This is a photo of my son, Charlie, taken last Sunday.
This is a photo taken of the same spot exactly three days later.
It serves as a reminder for you (and perhaps for you) that change can happen a lot faster than we can sometimes imagine.
Earlier this week someone told me that she was "thinking about finally going to college."
I asked what she was thinking about? What was she considering? What was stopping her?
She told me that she just wasn't sure if she was ready. She wanted to "give it some time."
"What a terrible idea," I told her. "The worst idea."
Far too often, people stall their lives, imagining what they could be doing rather than doing it, failing to realize how quickly their lives could be different and better if they took action. Instead they linger on the worry. Focus on the hard stuff. Debate a decision when they already know the answer in their hearts.
In 2009 - just eight years ago - I had not published a book or spoken on the stage in my life. Nor did I think that either of these things would ever happen. But I wasn't waiting. I wasn't "thinking about it." I was constantly writing. And when given the chance, I took the stage and told my first story, despite my fear and uncertainty.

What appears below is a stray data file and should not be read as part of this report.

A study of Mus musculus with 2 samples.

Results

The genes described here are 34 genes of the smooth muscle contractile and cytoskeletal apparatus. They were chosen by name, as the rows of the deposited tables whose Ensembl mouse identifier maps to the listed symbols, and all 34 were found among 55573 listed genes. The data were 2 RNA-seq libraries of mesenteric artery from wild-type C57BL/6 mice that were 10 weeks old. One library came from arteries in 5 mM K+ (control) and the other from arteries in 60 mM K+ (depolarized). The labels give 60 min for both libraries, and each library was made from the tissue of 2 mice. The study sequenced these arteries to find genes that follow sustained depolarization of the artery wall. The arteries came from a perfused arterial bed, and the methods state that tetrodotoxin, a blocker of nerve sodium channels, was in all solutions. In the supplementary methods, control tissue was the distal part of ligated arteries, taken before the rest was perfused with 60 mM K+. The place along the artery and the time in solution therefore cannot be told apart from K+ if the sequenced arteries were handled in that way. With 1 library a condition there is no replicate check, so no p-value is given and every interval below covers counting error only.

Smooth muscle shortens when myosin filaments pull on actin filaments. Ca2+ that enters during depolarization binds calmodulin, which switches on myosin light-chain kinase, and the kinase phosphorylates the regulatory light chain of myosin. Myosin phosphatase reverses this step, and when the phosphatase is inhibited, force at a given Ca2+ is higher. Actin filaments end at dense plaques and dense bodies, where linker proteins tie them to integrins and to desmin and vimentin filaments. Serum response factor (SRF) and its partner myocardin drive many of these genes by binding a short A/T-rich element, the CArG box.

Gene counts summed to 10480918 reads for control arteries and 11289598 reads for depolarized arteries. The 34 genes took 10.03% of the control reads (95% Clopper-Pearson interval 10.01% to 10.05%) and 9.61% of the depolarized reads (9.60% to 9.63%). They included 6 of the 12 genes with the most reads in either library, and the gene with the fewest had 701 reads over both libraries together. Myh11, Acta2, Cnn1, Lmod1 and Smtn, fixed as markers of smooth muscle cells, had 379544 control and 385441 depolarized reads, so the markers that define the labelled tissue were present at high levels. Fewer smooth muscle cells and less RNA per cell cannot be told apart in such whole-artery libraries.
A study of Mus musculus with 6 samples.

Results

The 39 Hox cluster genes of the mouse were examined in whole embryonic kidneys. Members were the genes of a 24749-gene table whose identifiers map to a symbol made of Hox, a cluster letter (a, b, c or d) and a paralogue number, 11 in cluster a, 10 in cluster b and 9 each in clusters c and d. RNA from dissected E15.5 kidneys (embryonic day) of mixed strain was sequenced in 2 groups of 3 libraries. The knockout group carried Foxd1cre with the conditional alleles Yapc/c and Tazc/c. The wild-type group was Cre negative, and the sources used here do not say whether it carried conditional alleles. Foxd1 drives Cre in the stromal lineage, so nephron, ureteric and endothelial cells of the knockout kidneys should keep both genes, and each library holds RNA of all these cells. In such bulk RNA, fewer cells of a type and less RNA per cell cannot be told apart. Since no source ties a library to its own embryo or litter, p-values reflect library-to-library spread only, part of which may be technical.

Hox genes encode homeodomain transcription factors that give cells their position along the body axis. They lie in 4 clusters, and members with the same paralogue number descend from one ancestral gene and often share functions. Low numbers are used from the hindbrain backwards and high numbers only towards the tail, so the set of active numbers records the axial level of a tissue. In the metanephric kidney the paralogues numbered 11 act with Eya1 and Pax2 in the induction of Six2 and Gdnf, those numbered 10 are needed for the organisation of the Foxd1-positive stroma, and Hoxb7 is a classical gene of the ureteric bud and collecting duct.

Today I have published four novels. Two more are on the way, along with my first YA novel and a instructional memoir on storytelling. I'm the humor columnist for Seasons magazine. I've written a rock opera and three musicals. I'm publishing two more essays in Parents magazine this summer.
Since 2011, I have told stories on hundreds of stages large and small. I've won 28 Moth StorySLAMs in 52 tries and four GrandSLAMs. I've traveled all over the country telling stories and spent two weeks in Brazil last summer teaching and performing. I teach storytelling and public speaking to individuals, corporations, school districts, and universities. I've taught storytelling at Yale University, The University of Connecticut Law School, Purdue University, Kripalu Center for Yoga and Health, and many other places. Along with my wife, I founded Speak Up. We produce more than a dozen shows a year. Most of them are sold out. I've spoken at half a dozen TEDx conferences.
All this in just eight years.
And I'm not resting on my laurels. This year I plan to perform my first one-man show. I will try stand-up for the first time. I'll write my next screenplay. I'll begin my first book on teaching.
If another opportunity arises, I'll seize it.
I don't expect my life to be the same eight years from now. I'm not sure how it will change, but I expect it to change, because I know that change can happen quickly if you let it. If you jump in head first. Stop the calculation and consideration. Embrace the fact that your life can be different and better in what will seem like the blink of an eye if you allow it.
Don't be complacent. Don't settle. Don't mistake the life you have for the only life you can have. Change is a beautiful thing. You must fight for it everyday.